Carrie has been a teaching artist in NYC for 10 years and a mom for 6 months. She received her MA in Applied Theatre from CUNY School of Professional Studies in 2011. Carrie is currently working for organizations such as TDF, The Roundabout Theatre Company, and The Museum of the City of New York doing playbuilding, and connecting theatre to literacy and the Common Core Standards. Below are her thoughts on the art of mothering:
If you had asked me a year and a half ago, a year ago, even six months ago, how I would feel as a working mother, I would have said: “I love my work as a teaching artist and an applied theater practitioner. I’m passionate about theater and the power of theater to transform, and my child will be proud of me for doing what I love. What an example I will set!”
Fast-forward five and a half months.
Instead, I feel pulled in a million directions. The passion for my work and my students are still there but I am also passionate about my son. I have noticed that when I am working with a difficult group of students, my patience is thin and I wonder why I am not at home with my own son who is probably crying because his first teeth are coming in. When I am planning for my next day’s lessons, I feel guilty that I am putting effort into the development of another person’s child instead of playing with my own son. I feel guilty all of the time because my passions are split and I can no longer give one hundred percent to my work.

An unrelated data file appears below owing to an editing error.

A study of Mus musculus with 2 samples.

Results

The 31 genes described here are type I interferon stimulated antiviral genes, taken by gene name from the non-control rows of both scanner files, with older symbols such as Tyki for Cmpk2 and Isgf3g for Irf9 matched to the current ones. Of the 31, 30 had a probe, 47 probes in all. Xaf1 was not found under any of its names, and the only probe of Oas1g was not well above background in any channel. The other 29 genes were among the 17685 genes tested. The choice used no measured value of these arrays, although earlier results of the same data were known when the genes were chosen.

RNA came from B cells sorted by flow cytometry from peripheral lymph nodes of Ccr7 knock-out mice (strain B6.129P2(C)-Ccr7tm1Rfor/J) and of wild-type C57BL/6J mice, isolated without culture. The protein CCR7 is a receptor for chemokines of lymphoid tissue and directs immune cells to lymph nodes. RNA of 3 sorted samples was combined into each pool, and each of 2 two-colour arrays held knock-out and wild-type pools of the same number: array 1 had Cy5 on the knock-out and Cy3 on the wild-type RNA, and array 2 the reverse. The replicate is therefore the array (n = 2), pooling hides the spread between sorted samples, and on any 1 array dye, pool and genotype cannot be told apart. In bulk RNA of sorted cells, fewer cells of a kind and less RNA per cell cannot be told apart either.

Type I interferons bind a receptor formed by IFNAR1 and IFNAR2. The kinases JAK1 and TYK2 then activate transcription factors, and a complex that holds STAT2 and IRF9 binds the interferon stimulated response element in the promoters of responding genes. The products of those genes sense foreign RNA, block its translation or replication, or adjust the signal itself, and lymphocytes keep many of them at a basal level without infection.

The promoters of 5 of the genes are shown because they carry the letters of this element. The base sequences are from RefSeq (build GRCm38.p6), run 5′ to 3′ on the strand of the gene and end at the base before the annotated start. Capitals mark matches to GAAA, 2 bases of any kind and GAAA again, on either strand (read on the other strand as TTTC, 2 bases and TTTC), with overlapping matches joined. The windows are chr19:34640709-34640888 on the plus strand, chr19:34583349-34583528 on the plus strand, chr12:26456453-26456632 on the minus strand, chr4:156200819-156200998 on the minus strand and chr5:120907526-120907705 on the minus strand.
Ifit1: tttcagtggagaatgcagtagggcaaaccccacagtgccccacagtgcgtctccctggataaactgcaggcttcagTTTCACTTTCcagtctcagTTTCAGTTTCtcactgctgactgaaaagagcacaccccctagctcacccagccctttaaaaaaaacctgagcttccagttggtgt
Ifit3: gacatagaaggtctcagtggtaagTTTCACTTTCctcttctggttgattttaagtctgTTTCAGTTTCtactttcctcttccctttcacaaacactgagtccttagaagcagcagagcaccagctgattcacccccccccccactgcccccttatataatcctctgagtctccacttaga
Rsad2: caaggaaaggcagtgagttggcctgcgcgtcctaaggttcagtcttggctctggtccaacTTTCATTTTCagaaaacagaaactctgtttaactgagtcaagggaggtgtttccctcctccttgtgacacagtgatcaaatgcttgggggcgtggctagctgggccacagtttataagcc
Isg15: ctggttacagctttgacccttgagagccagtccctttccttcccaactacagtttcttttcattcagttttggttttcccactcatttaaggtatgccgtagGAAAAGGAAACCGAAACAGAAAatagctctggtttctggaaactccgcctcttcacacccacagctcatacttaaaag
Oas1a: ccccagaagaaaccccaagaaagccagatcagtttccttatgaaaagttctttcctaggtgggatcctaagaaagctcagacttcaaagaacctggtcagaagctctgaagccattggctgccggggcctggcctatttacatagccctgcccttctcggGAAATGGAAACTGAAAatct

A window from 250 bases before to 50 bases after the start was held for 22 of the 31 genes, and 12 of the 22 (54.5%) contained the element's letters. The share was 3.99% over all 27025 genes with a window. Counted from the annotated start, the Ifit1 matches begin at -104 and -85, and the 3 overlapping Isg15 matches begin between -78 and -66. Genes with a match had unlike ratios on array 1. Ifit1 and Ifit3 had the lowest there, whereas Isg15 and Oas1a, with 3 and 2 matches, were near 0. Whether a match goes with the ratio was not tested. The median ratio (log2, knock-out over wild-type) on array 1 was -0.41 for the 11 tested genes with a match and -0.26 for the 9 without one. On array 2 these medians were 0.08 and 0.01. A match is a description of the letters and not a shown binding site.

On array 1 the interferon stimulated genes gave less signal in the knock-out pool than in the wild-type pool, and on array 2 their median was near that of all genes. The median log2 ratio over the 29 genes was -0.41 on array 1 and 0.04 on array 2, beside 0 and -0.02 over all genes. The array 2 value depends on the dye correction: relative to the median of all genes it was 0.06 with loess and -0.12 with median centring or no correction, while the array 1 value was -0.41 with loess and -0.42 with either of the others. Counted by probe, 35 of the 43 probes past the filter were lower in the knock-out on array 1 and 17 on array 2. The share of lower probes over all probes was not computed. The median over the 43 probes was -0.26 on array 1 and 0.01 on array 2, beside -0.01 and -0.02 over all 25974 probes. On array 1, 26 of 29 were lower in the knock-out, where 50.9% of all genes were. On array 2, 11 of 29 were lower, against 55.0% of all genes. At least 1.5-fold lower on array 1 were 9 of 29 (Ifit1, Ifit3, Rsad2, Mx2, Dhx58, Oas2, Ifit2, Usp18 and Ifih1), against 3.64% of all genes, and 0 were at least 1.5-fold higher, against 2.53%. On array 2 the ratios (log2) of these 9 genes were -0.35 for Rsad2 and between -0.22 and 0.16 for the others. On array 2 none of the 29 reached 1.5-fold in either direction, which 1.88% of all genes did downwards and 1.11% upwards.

I wonder, how long does the guilt last? How long can I keep fooling everyone—my students, administrators, and teachers—that my thoughts are elsewhere? When I’m playing Walk, Stop, Jump, Clap, can I be fully in the moment and there for the needs of my participants? When will I stop recycling lesson plans and challenge my own creativity again?
I thought the art of applied theatre was challenging but the art of mothering is a feat as well. So, I am currently working on my master’s in applied mothering. I’ll let you know when I’m ready to share my thesis.
The Master’s Degree in Applied Theatre, the first program of its kind in the United States, is a sequential, ensemble-based program for students interested in the use of theatre to address social and educational issues in a wide range of settings. The program stresses the unity of theory and practice, and is linked to the professional applied theatre work of the renowned CUNY Creative Arts Team.